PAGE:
Film Review: Pink Saris
Pink Saris is a documentary about Sampat Pal Devi, the leader of the ‘Pink Gang’ in Uttar Pradesh, India. The film is engaging, mainly due to the fascinating nature of the focal character.
Documentary filmmaker Kim Longinotto follows Sampat Pal as she strives to help women who have been victimised by tradition in the northern Indian state. Among the women she encounters are those who have suffered domestic abuse, girls who have been married at a young age, and women abandoned by the partners because of their lower caste.
Sampat Pal is such an interesting character for a number of reasons. Firstly, the nature of her work is positive and inspiring. In a place where women’s rights are often secondary to tradition, Sampat Pal comes across as a strong and forthright individual. Although her aim to help women is clearly genuine, she is also a flawed character. In her quarrels with her partner Sampat Pal appears condescending, while her assertion that she “beat up a cop” can be considered arrogant, although amusing. Thus, Sampat Pal is a layered character, attempting to balance her work with the Pink Gang at the same time as looking after her family.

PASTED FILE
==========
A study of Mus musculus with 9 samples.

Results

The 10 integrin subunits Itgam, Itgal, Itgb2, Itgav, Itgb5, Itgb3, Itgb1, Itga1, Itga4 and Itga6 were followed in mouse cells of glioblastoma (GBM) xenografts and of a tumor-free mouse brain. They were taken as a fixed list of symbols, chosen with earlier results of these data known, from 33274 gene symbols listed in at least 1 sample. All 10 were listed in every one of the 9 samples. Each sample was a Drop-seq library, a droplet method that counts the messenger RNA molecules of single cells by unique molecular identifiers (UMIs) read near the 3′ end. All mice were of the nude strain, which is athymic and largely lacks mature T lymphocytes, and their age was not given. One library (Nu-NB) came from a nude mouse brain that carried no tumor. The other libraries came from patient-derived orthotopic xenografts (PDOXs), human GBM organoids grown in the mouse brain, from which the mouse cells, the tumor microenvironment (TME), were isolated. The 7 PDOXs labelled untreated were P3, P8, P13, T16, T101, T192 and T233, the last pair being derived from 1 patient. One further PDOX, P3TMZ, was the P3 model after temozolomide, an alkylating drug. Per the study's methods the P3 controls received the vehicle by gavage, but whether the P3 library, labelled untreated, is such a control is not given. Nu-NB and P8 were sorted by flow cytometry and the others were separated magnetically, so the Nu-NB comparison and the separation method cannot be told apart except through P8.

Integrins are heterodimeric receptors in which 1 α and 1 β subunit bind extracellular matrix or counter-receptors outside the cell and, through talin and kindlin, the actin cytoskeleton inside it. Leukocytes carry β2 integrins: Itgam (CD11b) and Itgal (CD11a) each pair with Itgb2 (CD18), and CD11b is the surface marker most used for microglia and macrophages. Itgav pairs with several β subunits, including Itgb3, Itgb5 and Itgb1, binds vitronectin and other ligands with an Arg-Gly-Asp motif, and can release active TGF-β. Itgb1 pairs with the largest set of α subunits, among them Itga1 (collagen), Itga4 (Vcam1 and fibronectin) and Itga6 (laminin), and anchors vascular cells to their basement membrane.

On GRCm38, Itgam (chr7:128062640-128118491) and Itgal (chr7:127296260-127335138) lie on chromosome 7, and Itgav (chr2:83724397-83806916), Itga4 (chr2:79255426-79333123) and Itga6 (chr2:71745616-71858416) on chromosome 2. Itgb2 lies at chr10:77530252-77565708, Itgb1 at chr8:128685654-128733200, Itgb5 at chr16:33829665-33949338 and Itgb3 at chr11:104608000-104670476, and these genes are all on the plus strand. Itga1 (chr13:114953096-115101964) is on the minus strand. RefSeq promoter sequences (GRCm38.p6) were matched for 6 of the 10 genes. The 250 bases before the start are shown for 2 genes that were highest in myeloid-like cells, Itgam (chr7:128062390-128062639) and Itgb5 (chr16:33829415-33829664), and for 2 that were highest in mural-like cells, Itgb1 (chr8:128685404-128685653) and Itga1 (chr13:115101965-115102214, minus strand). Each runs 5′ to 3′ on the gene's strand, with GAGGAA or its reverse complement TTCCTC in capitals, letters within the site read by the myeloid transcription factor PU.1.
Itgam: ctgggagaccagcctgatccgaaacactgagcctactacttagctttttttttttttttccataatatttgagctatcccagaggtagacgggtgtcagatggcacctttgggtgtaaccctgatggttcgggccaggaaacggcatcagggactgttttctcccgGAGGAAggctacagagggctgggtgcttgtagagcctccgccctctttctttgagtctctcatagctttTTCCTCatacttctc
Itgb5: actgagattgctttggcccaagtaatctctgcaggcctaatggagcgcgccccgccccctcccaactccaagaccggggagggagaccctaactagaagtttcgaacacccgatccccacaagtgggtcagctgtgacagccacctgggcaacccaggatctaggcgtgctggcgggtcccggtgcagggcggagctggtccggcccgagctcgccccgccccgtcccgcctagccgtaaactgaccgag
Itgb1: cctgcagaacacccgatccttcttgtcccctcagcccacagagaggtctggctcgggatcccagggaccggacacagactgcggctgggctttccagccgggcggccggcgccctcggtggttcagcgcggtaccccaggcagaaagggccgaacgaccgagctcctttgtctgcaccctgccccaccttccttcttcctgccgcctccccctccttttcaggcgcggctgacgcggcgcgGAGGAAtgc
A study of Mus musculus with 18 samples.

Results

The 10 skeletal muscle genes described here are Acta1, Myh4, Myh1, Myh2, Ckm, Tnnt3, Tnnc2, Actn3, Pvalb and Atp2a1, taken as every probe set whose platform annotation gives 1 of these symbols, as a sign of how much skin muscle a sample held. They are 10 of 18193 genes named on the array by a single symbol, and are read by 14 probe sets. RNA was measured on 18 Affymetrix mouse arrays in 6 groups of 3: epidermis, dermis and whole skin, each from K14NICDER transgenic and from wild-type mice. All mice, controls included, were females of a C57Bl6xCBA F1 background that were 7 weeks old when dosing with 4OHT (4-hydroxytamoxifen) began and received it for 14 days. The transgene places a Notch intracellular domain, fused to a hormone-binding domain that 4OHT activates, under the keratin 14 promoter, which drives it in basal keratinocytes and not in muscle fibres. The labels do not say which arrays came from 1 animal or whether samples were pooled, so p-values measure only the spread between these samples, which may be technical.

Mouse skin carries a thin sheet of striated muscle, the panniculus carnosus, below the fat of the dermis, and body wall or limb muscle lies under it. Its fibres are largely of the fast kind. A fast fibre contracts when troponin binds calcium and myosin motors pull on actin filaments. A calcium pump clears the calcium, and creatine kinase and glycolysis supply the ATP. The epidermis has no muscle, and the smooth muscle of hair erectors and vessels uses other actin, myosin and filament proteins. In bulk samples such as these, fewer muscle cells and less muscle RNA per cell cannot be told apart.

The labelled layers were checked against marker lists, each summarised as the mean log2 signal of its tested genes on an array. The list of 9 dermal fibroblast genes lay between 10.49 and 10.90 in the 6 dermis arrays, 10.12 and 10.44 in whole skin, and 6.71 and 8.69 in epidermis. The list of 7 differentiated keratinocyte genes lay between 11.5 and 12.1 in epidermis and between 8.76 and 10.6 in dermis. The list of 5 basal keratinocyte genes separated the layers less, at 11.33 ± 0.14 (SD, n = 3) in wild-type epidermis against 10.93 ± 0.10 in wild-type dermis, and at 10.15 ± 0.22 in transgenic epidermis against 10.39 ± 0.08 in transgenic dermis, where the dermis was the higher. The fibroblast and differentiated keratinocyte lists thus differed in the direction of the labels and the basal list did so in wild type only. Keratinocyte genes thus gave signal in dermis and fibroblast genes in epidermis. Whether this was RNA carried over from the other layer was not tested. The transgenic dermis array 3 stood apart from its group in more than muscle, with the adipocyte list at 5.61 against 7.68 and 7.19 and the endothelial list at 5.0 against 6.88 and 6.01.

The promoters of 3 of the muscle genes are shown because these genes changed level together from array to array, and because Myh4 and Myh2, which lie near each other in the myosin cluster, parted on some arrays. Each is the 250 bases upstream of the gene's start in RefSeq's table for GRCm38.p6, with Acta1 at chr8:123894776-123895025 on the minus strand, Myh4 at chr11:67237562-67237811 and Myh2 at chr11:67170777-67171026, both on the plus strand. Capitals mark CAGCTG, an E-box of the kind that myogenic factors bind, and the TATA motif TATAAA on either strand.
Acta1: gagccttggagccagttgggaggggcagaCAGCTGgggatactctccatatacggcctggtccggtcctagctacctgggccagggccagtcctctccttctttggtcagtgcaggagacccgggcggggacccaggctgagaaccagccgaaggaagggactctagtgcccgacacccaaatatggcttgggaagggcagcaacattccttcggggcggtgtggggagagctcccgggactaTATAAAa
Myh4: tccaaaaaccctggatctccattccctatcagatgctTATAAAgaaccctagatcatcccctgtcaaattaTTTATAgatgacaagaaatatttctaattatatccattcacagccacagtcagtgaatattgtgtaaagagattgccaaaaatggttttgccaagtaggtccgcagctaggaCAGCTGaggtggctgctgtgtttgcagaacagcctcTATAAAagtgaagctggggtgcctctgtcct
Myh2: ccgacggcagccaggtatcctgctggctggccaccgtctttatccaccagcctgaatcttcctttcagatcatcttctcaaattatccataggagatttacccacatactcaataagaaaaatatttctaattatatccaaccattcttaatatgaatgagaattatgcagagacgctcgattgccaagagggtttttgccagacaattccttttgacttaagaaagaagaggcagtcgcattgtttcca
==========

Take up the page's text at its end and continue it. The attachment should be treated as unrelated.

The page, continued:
Longinotto tries to speak with the young girls that Sampat Pal helps, however they are not always able to speak frankly. Nevertheless, viewers are left with the distinct impression that the rushed marriage of a young girl, for example, is not what she really wants, rather it is the best outcome in a situation with limited options. It is a pity that the families who abuse or expel their daughter-in-laws are not (or chose not to be) interviewed for the film. Their input would have surely resulted in a more well-rounded presentation of the incidents dealt with by Sampat Pal.
The compilation of footage shot at home and around the villages with Sampat Pal gives an encompassing illustration of Sampat Pal’s life. The numerous shots of town and rural landscapes become a little tired as the film goes on, however. Whilst the captions of information are mostly useful and relevant, some of the facts given at the beginning of Pink Saris seem a bit obvious, indicating the film appears to be intended for an entry-level audience.
Overall, Pink Saris is an interesting but not entirely satisfying documentary. The film, like its focal character, is flawed though its good intentions are undeniable.
Pink Saris is being screened at the British Film Institute’s London Film Festival in October 2010.